Gerentology is the study of old age. Dr. Robert Baker, now called the father of Gerentology, is a psychiatrist,whose life work is a testament to the elderly,. He recently died of Leukemia in New York Mt. Sinai Hospital at the age of 83. True to his beliefs, he was working and enjoying life right up to the end. He worked up until three days before je died of acute leukemia. It is to him that the medical community credits the way society now looks at old age.
Thanks to him, old people now still have minds, can think, work, and a great many of them are truly living in the golden age. In some sense, reviewing his life and his work, one understands that old age is the harvesting of a lifetime of toil and labor. It is a time when mellowing happens and when life and its purpose is coming together and finally begins to make sense. It also seems fitting that those who fully appreciate the world around them can only, at the very end of life, fully appreciate good health.
You've got to know how to die gracefully, as he certainly did, that you can fully appreciate life. And appreciate life he did. His contributions are many and will live on. He saw the way in which the younger society looked on the aging population and set out to change this thinking. In 1975, his book "Why Survive? Being old In America" was so well received that it earned him a Pulitzer prize.
In his work with the aged, in his writing and in his lectures, he coined the word ageism. Supposedly it means how the world reacts to humanity at varies states of life. It could well mean many things, but no doubt what it meant for this honorable gentleman was that respect for life should begin from beginning to end. Of course he understood that the younger generations did not purposely disrespect the elderly, they simply had not learned how to respect them. They had not yet learned of their importance.
The three main contributions to his life, The American Geriatric Society; The Alzheimer's Disease Association; and the International Longevity Center, will continue on his work. When confronting work of such magnitude and of such importance, the first question becomes, why? Where did such ideas originate? In his case, they must have originated from his upbringing. His grandparents raised him and this was solid proof of the legitimacy of his convictions. Older age had contributed much to his life from an early age.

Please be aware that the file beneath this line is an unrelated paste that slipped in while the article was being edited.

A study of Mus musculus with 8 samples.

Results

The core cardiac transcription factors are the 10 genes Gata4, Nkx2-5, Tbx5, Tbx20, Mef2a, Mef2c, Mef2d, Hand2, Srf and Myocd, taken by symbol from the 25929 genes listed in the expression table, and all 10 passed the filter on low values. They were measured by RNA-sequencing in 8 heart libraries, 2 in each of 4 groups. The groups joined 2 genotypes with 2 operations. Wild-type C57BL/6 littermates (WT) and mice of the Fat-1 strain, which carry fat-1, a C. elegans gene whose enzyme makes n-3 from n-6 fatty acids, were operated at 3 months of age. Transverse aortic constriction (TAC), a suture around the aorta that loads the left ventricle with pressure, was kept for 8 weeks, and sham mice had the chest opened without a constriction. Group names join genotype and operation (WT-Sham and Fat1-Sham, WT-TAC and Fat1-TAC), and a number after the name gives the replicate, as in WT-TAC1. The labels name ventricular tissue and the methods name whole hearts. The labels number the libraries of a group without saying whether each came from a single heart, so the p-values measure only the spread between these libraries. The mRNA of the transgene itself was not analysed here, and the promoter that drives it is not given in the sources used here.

As director of the National Institutes on Aging, he was in the right place to promote his ideas on how oldsters should be treated. This life lesson probably began at his birth on January 21, 1927, in New York. He was raised by his grandparents because his parents divorced when he was eleven months old. Getting his medical degree in 1953, and furthered his education in psychiatry and neurology in San Francisco and at NIMH in Bethesda, Maryland. He worked in Public Health, went into private practice, taught and lectured. All the time advocating how to live better in old age.
As he aged, and while directing the National Institute on Aging, and emphasizing study on Alzheimer's, the apparently saw the need for better educated doctors on the subject of aging. Out of that came the Alzheimer's Association and the American Federation for Aging Research. His writings were on the biological and societal effects of aging. It was important to him that the aged review their life and he felt this should be a time of putting their past life in order. He believed they should looks back and see how their past life directly affected their thoughts and actions and later beliefs.
At the time his grandmother was caring for him at the age of seven, she was then an elderly woman in her sixties, who soon became widowed. The times were tough, it was during the Great Depression, and life was hard. It certainly left a lasting impression on him. Thanks to a determined grandmother, he survived and in thanks devoted his life to others of like circumstances.